One of America's largest pro-life groups is pushing back against Christians questioning its support for a pregnant student who is being punished by a Maryland Christian school over her premartial sex, by clarifying that it is not demanding lower standards of morality.
Students for Life of America explained in a post on Friday that it has received a number of questions and comments regarding its support for 18-year-old Maddi Runkles, who has been barred from participating in her graduation next month due to breaking Heritage Academy's rules on no sex before marriage.
"No one is contesting that there was a rule, that the rule was broken, and that discipline was the appropriate response as a student of a private, Christian school," SFLA stated. "Private schools certainly have the right to set codes of conduct and to decide on fair and consistent disciplinary measures."
SFLA's concern, however, lies with the "public way" in which Heritage Academy has chosen to punish Runkles — namely by having her stand in front of all her peers and parents at a school assembly and announce that she had broken school rules, and by banning her from participating in her graduation.
"We believe that this is excessive and inconsistent with the school's recent history of disciplinary decisions involving students breaking the same school pledge under difference circumstances," SFLA argued.
Runkles, who repented of her behavior, had already received a suspension and was removed from her leadership positions at school.
The pro-life group also came to the high school senior's defense because the shaming of pregnant students is a nationwide problem.
"We find that these students are frequently the victims of discrimination, harassment, and even public shaming. We encounter young women who are told that they can't graduate in front of their peers. Others are kicked out of dorms, forced to take classes from home, dropped from financial aid, and even expelled. It's shocking, and we should all be ashamed to have let this persist," SFLA noted.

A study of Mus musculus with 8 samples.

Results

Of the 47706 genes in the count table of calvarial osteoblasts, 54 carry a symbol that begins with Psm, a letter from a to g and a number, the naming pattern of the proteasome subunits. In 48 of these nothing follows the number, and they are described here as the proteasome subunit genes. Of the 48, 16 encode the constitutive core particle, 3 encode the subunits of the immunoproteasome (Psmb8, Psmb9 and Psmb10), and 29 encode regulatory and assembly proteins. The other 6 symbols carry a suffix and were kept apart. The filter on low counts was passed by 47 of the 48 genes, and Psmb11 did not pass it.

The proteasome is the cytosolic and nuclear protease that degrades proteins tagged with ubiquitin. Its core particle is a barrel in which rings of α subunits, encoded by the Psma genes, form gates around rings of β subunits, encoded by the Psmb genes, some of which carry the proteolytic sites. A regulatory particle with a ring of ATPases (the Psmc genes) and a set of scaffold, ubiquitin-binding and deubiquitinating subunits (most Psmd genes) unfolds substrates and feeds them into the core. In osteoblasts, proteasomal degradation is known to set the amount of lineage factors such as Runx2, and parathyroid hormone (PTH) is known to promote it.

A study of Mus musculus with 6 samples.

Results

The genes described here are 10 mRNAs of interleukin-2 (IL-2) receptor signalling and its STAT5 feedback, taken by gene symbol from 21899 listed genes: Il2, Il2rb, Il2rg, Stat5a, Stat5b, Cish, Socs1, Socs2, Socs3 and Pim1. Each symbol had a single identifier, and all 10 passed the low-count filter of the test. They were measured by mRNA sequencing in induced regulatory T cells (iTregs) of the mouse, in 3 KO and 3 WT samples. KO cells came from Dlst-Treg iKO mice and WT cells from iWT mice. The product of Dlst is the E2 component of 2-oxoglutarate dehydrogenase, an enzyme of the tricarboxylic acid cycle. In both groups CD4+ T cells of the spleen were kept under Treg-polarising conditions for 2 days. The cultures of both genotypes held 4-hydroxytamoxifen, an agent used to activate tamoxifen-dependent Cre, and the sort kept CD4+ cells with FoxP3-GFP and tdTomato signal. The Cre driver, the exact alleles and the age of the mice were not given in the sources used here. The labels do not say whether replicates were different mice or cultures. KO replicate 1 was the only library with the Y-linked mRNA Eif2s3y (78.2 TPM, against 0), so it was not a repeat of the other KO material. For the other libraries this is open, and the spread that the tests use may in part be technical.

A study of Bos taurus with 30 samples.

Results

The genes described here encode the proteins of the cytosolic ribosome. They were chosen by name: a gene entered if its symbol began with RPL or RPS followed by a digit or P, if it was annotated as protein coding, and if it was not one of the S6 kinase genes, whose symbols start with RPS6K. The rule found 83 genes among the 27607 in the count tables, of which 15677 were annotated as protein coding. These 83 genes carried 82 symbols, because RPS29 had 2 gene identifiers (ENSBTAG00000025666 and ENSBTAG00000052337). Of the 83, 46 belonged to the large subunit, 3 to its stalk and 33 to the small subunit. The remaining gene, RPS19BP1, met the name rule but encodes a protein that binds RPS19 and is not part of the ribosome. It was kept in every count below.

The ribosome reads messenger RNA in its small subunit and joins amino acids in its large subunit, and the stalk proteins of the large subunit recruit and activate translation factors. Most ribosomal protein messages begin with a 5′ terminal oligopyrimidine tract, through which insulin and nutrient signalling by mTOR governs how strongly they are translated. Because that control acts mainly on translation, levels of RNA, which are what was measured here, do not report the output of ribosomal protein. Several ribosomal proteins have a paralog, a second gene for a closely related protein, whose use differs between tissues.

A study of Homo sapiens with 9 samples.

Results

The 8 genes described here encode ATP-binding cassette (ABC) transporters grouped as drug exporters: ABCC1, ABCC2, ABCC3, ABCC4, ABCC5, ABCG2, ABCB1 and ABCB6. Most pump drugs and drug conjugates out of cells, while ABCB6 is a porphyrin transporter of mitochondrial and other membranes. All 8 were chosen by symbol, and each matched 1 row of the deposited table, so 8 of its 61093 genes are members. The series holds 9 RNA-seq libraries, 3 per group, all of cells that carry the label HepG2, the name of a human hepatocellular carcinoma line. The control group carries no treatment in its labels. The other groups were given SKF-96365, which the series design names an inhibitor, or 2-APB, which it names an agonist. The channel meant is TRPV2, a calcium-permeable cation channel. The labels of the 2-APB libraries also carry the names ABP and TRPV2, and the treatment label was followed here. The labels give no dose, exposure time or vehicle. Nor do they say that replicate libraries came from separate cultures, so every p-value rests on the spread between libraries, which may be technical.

Ultimately, many girls are pushed away from the church and toward abortion, the group contended.
"This isn't a new issue, and we need to have a national conversation because, whether intentionally or unintentionally, some schools are promoting a culture where abortion is encouraged and pregnant women are shamed."
SFLA wants churches and schools to reevaluate how they respond to unplanned pregnancy out of wedlock.
In a letter to the school community, Heritage Academy's administrator, David R. Hobbs, stated that Runkles was "being punished not because she's pregnant, but because she was immoral."
Hobbs explained that students from 5th through 12th grade are required to sign a Student Pledge, which "states that this application of Philippians 4:8 'extends to my actions, such as protecting my body by abstaining from sexual immorality and from the use of alcohol, tobacco, and illegal drugs.'"
While pleased that Runkles has chosen not to abort her son, Hobbs said nevertheless, "her immorality is the original choice she made that began this situation."
Runkles told Fox News last week that she should be allowed to attend the graduation ceremony.
"I agree I had to be disciplined. I broke the rules, I had no problem with that. I accepted my consequences," the student said. "But I never thought that my consequences would be drug out. No kid has ever had consequences drug out like this."
SFLA stressed that the issue is bigger than the current case concerning Heritage Academy.
"Some Christian schools are setting a poor example of what it means to forgive and love a pregnant student who has willingly admitted her wrongdoing, repented, and served her punishment," the group asserted.
"There has to be a better way to exact discipline without shaming and isolating those young women who courageously choose life."